A poorly presented compendium of essays by leading scholars. Unfortunately, not equal to some of the other great and essential entries in this series.
The Oxford Handbook series has some wonderful history entries such as The Oxford Handbook on the Bronze Age Aegean and The Oxford Handbook on Engineering & Technology in the Classical World, which are essential to any study of those topics, but unfortunately, this volume on the archaeology of the Levant is not in the same class. Perhaps the first signal that this book may not live up to the high expectations fostered by this series is the inclusion in the title of the period 8000 to 332 BCE – a massive time period unlikely to cover any particular aspect of this area in any great detail. And there lies the problem of this book: Who is it for?
Let us look at the plus points of the book before examining some of its flaws. It is a hefty work at 800 plus pages, and as with the other entries in the series, each chapter is written by one of the world’s leading experts in the field. Each chapter has a helpful conclusion section to summarise the points previously raised and there is an extensive bibliography or further reading list for each. There is also a smattering of black and white maps and images throughout.
Part I usefully covers the history of the study of this fascinating and important region, placed as it was at the crossroads between the Near East and Mediterranean cultures of Mesopotamia, Egypt, and Anatolia. Part II then examines its relationship with contemporary cultures. So far, so good. That takes us to page 123, and then, alas, things start to slip. The rest of the book is divided into chronological eras – Neolithic, Chalcolithic, then various Bronze Ages and Iron Ages. This may sound like a good way to proceed, but it means that no particular culture or city or cultural aspect (warfare, religion, art, etc.) is covered with any great cohesion. If the reader would like a chronological run-through (or rather sprint) through 7,000 years of regional history then this book is for them, but if – and I suspect this applies to the majority of readers – you would like to find out the state of archaeology and history of a particular place or culture, then you are forced to skip and hop through this book reading two or three pages here, another odd page in the next section, a reference over there, another two pages there – all very frustrating. Even the index – usually a great strength of these handbooks – is about as user-friendly as a non-alphabetical place list such are the number of subentries under each main entry and the decision to split sub-entries into both time periods and topics that it becomes difficult to keep track of which letter you are looking at.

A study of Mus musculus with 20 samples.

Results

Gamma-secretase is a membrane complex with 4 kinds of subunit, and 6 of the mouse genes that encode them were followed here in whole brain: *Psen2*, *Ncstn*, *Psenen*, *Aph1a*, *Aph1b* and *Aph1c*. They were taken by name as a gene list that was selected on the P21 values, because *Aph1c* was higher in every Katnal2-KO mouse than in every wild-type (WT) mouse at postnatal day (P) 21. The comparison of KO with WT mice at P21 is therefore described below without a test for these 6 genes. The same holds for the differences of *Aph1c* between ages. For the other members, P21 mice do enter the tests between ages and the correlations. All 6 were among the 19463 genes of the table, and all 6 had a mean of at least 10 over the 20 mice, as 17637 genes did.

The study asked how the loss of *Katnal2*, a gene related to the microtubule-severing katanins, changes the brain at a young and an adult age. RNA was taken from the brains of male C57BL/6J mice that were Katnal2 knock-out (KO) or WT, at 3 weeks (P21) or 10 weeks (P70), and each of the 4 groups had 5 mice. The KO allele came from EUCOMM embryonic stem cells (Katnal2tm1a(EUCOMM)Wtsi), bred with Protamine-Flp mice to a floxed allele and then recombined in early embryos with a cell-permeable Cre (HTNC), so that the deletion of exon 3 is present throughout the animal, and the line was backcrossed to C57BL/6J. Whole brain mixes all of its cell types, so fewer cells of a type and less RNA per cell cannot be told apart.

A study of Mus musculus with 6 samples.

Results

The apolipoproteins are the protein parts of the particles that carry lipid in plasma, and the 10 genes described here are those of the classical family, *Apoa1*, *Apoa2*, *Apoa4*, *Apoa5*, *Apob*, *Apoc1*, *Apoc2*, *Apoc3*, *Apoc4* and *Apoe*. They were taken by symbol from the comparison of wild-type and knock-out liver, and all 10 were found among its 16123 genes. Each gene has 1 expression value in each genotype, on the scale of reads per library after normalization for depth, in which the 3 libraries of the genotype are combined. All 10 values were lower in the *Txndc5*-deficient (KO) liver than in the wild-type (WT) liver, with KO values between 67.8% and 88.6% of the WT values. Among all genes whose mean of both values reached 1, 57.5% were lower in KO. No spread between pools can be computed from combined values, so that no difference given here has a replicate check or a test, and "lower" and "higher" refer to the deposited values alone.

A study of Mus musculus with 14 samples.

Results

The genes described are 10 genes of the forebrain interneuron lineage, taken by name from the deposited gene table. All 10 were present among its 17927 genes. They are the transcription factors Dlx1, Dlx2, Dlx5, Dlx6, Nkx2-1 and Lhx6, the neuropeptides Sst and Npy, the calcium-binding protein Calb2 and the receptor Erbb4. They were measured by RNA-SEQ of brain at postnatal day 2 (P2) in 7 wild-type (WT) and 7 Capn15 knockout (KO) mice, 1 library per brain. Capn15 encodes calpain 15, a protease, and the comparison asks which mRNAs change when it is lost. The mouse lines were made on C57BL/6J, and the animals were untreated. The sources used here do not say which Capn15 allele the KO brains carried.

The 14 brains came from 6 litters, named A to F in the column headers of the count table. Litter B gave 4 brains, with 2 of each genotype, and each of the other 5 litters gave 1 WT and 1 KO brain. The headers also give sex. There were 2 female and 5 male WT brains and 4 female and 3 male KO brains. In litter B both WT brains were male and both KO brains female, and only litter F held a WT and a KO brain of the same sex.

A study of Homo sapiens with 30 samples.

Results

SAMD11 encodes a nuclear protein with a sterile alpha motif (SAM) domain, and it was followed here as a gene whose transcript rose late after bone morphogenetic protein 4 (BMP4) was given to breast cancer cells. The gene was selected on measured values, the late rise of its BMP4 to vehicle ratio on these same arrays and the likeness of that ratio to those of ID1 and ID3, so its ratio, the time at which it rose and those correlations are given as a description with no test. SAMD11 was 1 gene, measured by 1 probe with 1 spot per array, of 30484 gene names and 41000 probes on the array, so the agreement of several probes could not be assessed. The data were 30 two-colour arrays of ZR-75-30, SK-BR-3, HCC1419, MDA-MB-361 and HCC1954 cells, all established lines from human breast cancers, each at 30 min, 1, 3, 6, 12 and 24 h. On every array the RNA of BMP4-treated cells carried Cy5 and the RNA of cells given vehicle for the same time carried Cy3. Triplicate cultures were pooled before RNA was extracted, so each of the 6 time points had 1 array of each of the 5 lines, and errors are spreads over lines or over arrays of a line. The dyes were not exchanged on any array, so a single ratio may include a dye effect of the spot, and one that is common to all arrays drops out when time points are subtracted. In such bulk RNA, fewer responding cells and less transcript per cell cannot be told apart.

Of course, the scholarship and information is first-class and utterly reliable, but this book really is one of the most badly presented I’ve ever come across. I actually bought it to specifically research Phoenicia, but there is, disappointingly, only one ten-page chapter on this topic and a few references elsewhere. Such great and influential cities as Tyre, Byblos, and Sidon are largely ignored. It is a pity that such fine information has been so confusingly presented. If only, like other books in the series, the editors had organised the essays into such sections as a brief chronological treatment over several chapters followed by thematic sections on society, crafts, architecture, etc., and then a final section on important regions and places. Sadly, then, this is a missed opportunity and not to be recommended for those looking for specifics related to the Levant.